Rezwan Ferdaus, 27, of Ashland, Mass., had been charged with planning to hit the Pentagon and the U.S. Capitol with explosives-packed model airplanes and to rig mobile telephones to set off improvised explosive devices to kill U.S. troops.
Ferdaus pleaded guilty July 20 to attempting to damage and destroy a federal building by means of explosives and attempting to provide material support to terrorists, the Federal Bureau of Investigation said on its website.
U.S. District Judge Richard Stearns also sentenced him to 10 years of supervised release to follow his incarceration.
Ferdaus was arrested last year after the FBI set up an undercover operation.
The FBI said in exchange for his guilty plea, the government dismissed the remaining charges against Ferdaus after the imposition of his sentence. Stearns was quoted as saying the evidence against the accused was overwhelming.
"His actions were self-initiated, deliberate and dangerous. He intended to unleash horrific acts of violence against the people of the United States both here and abroad," First Assistant U.S. Attorney Jack Pirozzolo said.
The Boston Globe reported Ferdaus, who had been planning his jihad for three years, has a physics degree from Boston's Northeastern University. Other reports said he is of Bangladeshi descent.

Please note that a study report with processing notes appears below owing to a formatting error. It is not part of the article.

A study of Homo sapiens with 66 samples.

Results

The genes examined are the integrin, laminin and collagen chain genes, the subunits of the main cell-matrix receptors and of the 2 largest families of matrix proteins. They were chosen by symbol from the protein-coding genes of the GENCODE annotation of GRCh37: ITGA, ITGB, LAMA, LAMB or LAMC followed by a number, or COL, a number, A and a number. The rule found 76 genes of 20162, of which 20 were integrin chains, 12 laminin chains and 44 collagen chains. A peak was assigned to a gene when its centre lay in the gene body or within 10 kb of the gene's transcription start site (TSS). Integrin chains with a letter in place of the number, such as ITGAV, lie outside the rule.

The FBI said in January 2011 Ferdaus began designing detonation components for explosive devices using mobile phones and supplied 12 such phones to FBI undercover agents he believed were al-Qaida members to be used to kill U.S. soldiers overseas.
After the undercover employees falsely told him one such phone device helped kill three U.S. soldiers in Iraq, Ferdaus said: "That was exactly what I wanted" and that he was "100 percent" at "peace" that his devices "are killing American soldiers," the report said.
Ferdaus also made a 20-minute training video, recorded by the undercover employees, giving instructions on how to make mobile phone detonators, which he believed would be used for training al-Qaida members.
The FBI said Ferdaus also planned to obtain a remote-controlled plane similar to a drone, pack it with grenades and fly it into federal buildings using a built-in GPS device. He had stated his plan "ought to terrorize ... it ought to result in the downfall of this entire disgusting place. That is my goal."
Throughout the undercover operation, Ferdaus had repeatedly reaffirmed his hope to cause mass destruction and psychological harm to the United States, the FBI said.